When a business or association decides that in order to keep their customers, employees, partners, or members engaged they need a mobile app that extends their online community, they are soon faced with the decision to develop a native app (the kind you find in an app store) or a mobile web app that uses the phone's browser.
With mobile trends seemingly shifting weekly, where should your organization come down on this strategic investment? Well, here is your crystal ball. The following are basic trends in online community mobile apps, useful in selecting the right type of mobile app for your online community.
Increasingly companies and associations are selecting a mobile app based on their business strategy first, rather than design or latest consumer app features. HTML5 mobile apps are much less expensive to create and maintain than their app store cousins.
Along with the dramatically lower development and maintenance cost of custom web apps, organizations that engage in mobile commerce through product sales, event purchases, or content subscriptions have growing concerns over Apple's swelling encroachment into their profit margins. According to famed usability guru Jakob Nielsen's February 2012 useit.com article on mobile app trends, “Freedom from censorship and freedom to keep your own money are good reasons to stay with the free Internet instead of the walled garden of proprietary app stores.”
Historically, the reason companies and associations chose to have more expensive native apps developed was the superior user experience compared with mobile web sites. However, this has changed in the past couple years. With the growth and support of HTML5 on all major smartphone platforms, web apps have just about caught up to proprietary native apps. Though a few functions remain exclusive to native “app store apps,” that number is shrinking every quarter.
While you'll still find ugly, unusable, and functionally basic app in both app stores and on the mobile web, modern mobile apps built using HTML5 rival the usability and engagement options of native apps today.
Large organizations are starting to make the switch. The useit.com article says that, “We're already seeing mobile sites from publishers such as the Financial Times and Playboy with UIs that are very similar to applications offered by equivalent newspapers and magazines.”
As mobile device makers try to find ways to differentiate themselves in a crowded market, they create slightly different requirements for the interface and layout of their mobile apps. According to Nielsen's usability article, “At a minimum, you'll have to support Android, iOS, and Windows Phone. Furthermore, many of these platforms will likely fork into multiple subplatforms that require different apps for a decent user experience.”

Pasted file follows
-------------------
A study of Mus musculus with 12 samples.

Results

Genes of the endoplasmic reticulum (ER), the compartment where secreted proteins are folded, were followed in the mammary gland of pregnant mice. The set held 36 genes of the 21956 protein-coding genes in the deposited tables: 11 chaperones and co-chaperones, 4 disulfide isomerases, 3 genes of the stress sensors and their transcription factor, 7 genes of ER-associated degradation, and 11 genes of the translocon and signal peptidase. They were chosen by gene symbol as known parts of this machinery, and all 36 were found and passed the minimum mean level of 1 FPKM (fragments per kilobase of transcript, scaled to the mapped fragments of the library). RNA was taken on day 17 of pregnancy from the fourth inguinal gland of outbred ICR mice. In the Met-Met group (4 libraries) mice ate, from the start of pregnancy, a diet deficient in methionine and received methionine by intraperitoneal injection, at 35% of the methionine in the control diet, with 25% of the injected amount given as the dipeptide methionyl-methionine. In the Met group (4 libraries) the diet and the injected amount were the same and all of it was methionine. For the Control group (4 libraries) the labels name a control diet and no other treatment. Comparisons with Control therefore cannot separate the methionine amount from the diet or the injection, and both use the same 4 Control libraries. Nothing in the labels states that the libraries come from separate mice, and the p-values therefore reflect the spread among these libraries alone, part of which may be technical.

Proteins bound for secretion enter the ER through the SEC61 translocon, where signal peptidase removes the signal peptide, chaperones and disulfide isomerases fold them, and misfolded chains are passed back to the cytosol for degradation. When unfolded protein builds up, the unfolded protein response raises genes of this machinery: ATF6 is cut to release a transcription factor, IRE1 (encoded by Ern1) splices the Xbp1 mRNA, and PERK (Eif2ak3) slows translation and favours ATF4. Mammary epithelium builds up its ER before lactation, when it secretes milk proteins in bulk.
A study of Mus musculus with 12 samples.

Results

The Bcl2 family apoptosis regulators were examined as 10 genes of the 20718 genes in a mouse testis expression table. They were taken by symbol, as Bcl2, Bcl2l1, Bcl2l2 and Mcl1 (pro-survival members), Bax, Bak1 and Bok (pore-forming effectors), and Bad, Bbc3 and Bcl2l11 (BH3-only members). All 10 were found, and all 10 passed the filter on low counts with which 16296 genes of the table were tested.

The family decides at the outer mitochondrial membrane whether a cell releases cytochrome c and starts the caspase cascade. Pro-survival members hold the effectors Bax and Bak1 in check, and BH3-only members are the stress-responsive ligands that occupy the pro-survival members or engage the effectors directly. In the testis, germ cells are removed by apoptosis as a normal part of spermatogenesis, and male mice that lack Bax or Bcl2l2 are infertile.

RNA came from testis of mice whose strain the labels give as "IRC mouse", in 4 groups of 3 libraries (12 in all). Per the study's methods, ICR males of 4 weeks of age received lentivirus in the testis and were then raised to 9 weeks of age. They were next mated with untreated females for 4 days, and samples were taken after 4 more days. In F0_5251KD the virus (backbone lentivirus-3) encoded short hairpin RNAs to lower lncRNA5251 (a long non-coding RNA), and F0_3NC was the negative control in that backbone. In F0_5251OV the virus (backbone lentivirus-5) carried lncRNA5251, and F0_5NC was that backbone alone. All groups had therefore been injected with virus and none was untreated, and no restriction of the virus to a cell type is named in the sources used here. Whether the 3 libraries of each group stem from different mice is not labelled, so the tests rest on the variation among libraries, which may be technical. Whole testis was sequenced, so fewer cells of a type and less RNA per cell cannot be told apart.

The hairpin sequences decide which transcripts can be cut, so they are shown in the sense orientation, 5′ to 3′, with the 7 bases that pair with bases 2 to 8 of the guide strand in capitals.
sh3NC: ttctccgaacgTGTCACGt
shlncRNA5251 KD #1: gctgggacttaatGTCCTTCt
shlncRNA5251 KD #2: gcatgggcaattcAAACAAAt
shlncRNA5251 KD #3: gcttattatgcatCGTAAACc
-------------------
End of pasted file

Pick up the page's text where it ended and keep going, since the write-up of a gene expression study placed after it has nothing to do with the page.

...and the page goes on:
This means that companies or associations offering native smartphone and tablet apps to a technically-diverse user base must create and maintain development over time for a couple versions of Apple's iOS platform, as well as several versions of Google's Android operating system. According to Nielsen, the continued growth in user interface diversity will make native “app store apps” very expensive to provide to your customer or members.
In contrast, mobile web apps are able to provide an effective mobile user experience, regardless of deivce, based on a single set of code. HTML5 also gives mobile web apps the ability to resize to fit disparate and slightly modified mobile device screens.
Organizations also have to consider the user experience of finding, downloading, and updating their app. Sending busy or non-technical users to different app stores with a unique download, installation, and update processes depending on the type of phone can wreak havoc on your customer service and technical support teams, not to mention your customers' or members' impression of your brand.
In the near future, HTML web apps will be hands-down a better strategic decision for a majority of organizations. For many companies and associations, that future is now. Your organization has to make this critical decision on the basis of what is best for your business, what is best for your target audience, and what is best for your staff.
However, I want to leave you with one important point. In 1999, Jakob Nielsen predicted that, “the Internet will defeat smaller, closed environments.” We saw this come true with AOL's collapse as well as the failure of record companies and movie studios to control every last byte of their content in a world based on people linking to other people's content.
In the height of native app fervor, one might not have believed that the “app store app” could ever be rivaled by a more open platform. Given, the evidence of comparable usability, better integration with other websites and 3rd party applications such as event or conference apps, and more efficient compatibility, it seems as though lower cost HTML5 web apps are here to stay and will soon be the standard of the future for online communities. The question is: On which side of this strategic decision will your organization be when this future arrives?